The trial of the Norwegian mass murderer Anders Breivik might have met with Plato’s approval — for the time being.
In his last work Laws, Plato provided a detailed description of the vision that would inform Magnesia, his unchanging, perfect utopia, covering everything from size, population, occupations and education to religion, laws and government. In his discussion of the justice system, Plato laid down the principles that lie behind almost every humane theory and practice of punishment.
Plato takes for granted the Socratic doctrine that every unjust man is, in fact, unjust against his will, on the grounds that he has welcomed evil into his soul, the most precious part of him, and no one would willingly do that. He argues that treatment of a criminal should be seen as the same sort of activity as curing a disease. No one willingly contracts a disease; such a person deserves sympathy and help. So with a criminal. The purpose of the help that one gives him, Plato argues, is to cure him of his false belief that evil can ever be advantageous, and that the punishment for it, curing him of that false belief, is something he actively needs. Punishment of that sort is good for you. Retribution does not come into it.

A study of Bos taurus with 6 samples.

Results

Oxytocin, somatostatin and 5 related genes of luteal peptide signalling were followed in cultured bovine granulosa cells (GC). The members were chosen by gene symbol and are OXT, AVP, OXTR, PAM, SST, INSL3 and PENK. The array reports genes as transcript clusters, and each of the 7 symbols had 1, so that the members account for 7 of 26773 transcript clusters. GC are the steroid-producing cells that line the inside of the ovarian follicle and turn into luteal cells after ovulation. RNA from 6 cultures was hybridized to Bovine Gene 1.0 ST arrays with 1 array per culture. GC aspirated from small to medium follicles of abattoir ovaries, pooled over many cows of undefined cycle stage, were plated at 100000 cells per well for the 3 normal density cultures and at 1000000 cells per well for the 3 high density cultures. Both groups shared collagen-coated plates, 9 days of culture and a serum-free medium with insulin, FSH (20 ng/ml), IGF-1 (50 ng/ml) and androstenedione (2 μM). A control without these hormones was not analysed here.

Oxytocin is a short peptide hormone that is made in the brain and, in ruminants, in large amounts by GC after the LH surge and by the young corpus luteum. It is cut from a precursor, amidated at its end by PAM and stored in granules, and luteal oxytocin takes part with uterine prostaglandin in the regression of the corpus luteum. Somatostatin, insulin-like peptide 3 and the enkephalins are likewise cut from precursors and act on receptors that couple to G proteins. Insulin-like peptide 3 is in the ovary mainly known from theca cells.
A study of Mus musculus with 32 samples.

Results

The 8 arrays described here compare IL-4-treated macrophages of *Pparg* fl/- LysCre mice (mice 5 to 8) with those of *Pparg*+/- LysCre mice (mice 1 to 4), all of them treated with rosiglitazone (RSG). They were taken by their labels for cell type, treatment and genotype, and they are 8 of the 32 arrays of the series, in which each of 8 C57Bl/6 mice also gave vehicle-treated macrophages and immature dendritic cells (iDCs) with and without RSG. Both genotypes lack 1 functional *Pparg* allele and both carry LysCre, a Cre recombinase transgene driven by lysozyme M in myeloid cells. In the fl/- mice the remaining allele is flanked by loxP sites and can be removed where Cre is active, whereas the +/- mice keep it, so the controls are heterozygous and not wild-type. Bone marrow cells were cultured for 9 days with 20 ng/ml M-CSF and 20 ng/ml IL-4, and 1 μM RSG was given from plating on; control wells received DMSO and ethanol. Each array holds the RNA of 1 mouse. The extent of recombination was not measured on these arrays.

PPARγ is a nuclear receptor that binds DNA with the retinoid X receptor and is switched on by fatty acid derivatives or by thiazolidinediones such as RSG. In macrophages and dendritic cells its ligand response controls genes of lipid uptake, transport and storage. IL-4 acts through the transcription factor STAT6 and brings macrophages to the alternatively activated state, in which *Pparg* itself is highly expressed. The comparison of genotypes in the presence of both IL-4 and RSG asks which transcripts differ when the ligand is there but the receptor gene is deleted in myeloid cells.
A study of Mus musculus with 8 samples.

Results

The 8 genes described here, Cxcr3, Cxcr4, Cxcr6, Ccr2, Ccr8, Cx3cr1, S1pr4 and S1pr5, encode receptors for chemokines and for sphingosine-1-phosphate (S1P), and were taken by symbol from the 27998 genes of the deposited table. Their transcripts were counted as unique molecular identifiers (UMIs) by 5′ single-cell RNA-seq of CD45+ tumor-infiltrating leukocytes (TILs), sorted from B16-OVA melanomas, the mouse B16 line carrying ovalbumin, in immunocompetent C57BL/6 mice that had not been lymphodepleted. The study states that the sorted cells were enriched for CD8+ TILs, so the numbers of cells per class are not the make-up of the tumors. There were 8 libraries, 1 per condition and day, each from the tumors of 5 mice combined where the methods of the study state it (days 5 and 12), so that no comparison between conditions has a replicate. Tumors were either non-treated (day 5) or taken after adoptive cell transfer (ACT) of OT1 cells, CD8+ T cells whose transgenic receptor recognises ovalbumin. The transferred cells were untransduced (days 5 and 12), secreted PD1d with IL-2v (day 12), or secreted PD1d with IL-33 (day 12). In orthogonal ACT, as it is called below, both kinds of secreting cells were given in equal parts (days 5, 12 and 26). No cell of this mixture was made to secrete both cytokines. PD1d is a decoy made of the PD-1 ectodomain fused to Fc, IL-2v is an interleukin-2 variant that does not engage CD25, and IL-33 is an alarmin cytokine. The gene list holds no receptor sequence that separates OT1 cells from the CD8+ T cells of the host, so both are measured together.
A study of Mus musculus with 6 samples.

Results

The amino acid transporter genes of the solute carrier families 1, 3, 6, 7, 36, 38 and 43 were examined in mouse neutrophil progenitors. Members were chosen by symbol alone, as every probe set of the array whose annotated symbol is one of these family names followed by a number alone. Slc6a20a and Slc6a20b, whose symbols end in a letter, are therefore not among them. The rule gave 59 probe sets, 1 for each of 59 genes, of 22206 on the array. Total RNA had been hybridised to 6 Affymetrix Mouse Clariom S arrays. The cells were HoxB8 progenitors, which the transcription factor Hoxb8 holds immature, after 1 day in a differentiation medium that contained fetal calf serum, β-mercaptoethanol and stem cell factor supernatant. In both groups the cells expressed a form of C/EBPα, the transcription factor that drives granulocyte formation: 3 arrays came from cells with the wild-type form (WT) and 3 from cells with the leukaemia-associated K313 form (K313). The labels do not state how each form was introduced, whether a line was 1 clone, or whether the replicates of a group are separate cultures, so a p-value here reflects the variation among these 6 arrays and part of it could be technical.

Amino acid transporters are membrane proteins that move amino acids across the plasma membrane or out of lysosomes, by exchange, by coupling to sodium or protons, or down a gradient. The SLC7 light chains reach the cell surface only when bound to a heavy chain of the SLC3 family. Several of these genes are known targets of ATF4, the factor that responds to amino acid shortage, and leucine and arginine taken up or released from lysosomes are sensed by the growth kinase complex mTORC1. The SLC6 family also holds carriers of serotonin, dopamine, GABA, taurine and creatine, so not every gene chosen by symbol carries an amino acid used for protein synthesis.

So, on top of the payment of compensation for the damage inflicted, punishment will involve public protection, instruction and the attempted reconciliation between criminal and victim: good, modern practice. But — and it is a big but — what if the man turns out to be beyond cure? ‘The lawgiver will recognise that the best thing for such people is to cease to live — best even for themselves.’